Look. It’s Me. In Google Street View.
I moved from Tesco Mobile to GiffGaff today, because the account which I’d been on for a few years had kept increasing in price, and the data cap meant I ended up paying data top-ups to keep online.
I had been thinking about switching to GiffGaff for a while, mostly because I like their concept, they’re still the O2 network, and their £12/month limitless data seemed perfect for me. I had a look around the Tesco Mobile site to find comparable tariffs but couldn’t.
When I called Tesco Mobile for my PAC code, the nice lady suggested a tarriff which is actually better than GiffGaff’s £12 (includes 1500 minutes compared to 250 for just 50p more), but at that point, I’d already activated and topped up my SIM on GiffGaff, and mentally had switched.
I tweeted that I’d switched over from Tesco Mobile to GiffGaff (not at them, not even using their @usernames but just mentioned the brand), and a few minutes later, their social media team tweeted me directly, and publicly with this:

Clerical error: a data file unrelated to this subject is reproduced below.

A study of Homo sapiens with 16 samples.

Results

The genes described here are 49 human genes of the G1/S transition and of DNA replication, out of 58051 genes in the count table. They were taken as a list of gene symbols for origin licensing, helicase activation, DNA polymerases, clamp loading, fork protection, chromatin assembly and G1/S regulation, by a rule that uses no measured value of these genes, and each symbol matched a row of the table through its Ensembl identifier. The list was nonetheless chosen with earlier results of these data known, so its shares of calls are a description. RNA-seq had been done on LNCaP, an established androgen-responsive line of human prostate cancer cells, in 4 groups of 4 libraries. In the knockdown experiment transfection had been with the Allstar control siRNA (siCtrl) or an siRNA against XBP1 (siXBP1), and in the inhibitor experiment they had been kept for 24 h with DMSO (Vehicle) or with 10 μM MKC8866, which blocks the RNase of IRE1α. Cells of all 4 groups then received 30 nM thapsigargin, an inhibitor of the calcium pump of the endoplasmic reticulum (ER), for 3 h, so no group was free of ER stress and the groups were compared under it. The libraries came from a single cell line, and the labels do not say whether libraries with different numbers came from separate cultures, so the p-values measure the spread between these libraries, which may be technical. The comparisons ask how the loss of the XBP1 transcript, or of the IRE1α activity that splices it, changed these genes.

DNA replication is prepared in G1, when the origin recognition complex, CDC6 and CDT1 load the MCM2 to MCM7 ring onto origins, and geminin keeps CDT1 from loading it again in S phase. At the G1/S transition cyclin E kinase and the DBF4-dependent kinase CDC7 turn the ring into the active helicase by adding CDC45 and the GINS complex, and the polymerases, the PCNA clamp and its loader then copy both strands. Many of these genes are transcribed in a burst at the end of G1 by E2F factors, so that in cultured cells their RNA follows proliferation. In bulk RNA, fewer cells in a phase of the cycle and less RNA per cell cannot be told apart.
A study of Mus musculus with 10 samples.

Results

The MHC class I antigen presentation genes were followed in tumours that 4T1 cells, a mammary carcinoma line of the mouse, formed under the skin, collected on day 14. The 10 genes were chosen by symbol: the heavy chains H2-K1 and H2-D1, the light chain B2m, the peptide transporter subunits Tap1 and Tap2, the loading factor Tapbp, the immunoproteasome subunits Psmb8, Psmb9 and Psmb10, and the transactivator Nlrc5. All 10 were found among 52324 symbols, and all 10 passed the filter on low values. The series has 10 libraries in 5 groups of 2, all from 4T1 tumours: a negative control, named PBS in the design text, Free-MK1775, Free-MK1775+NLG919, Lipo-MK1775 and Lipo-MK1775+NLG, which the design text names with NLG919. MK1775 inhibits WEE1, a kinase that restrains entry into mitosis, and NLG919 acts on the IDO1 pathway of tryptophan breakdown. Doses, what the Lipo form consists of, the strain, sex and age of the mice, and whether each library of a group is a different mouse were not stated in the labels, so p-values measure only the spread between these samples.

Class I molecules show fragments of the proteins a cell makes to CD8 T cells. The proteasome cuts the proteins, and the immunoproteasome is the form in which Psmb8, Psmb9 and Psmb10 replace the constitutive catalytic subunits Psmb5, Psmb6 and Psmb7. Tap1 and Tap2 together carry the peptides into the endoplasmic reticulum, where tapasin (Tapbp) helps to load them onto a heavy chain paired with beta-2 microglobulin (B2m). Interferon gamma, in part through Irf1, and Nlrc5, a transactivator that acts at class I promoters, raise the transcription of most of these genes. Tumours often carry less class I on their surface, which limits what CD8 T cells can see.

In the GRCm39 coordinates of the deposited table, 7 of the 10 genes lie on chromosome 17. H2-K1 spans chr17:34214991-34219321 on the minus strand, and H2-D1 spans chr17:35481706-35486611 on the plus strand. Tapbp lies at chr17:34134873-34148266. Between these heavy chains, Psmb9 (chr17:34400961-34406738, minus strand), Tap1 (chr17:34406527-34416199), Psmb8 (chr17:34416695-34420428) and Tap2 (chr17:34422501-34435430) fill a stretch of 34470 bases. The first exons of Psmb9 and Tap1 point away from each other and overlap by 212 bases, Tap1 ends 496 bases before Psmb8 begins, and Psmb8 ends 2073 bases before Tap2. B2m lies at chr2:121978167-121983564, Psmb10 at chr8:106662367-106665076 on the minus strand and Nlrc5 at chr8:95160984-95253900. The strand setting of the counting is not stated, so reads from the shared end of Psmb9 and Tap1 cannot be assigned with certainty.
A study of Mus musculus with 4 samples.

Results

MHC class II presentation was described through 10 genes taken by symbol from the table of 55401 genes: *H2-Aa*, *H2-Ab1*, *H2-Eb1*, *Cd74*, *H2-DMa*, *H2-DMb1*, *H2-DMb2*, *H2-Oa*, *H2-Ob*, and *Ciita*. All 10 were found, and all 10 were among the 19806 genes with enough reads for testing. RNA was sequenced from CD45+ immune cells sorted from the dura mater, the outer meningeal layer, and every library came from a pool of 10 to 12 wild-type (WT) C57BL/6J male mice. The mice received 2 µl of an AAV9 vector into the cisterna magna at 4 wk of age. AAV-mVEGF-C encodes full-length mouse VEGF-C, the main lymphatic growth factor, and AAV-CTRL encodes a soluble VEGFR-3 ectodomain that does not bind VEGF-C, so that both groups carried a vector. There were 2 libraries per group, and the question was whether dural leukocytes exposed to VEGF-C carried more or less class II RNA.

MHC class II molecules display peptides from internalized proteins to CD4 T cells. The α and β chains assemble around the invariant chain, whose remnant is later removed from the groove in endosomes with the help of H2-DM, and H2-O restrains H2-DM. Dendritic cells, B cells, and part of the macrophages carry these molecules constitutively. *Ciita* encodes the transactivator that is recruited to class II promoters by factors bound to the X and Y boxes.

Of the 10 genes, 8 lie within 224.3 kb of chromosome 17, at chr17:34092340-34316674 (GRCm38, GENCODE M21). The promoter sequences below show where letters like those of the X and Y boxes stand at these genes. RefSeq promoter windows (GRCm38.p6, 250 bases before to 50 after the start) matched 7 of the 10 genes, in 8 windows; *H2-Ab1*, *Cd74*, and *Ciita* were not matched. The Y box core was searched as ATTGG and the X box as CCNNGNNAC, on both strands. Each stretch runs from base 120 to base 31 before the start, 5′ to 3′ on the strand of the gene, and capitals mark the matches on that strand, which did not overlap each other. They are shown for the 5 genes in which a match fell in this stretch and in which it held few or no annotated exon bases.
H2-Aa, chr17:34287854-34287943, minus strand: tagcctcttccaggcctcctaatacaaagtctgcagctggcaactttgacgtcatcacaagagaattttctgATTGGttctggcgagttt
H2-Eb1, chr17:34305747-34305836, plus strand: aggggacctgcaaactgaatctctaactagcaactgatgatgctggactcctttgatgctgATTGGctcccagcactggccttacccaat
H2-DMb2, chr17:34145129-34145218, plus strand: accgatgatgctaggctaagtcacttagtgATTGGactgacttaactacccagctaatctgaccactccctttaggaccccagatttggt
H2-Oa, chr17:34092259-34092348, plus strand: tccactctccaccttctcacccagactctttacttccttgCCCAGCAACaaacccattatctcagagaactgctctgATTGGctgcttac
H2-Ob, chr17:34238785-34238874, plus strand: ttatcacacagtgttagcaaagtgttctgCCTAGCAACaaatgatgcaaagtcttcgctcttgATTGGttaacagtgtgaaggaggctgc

— Tesco Mobile (@tescomobile) January 19, 2014
Great they’re on top of their social mentions on a Sunday afternoon, but joking about the fact they’ve just lost a customer? That seems like they’re making light of the situation, that losing customers is something they can joke about, that customers can leave and Tesco Mobile just laugh that off.
Twitter is a battleground of passive-aggressive and sarcastic responses, both from consumers and brands – but where is the line to be drawn?
Interestingly enough, I’d also deleted the tweet just seconds after I’d posted it (mostly because of a grammatical error in the text). Their response then was to a tweet which no longer exists and I’d chosen to remove from the ecosystem. Their system clearly holds on to data which I’ve chosen to remove.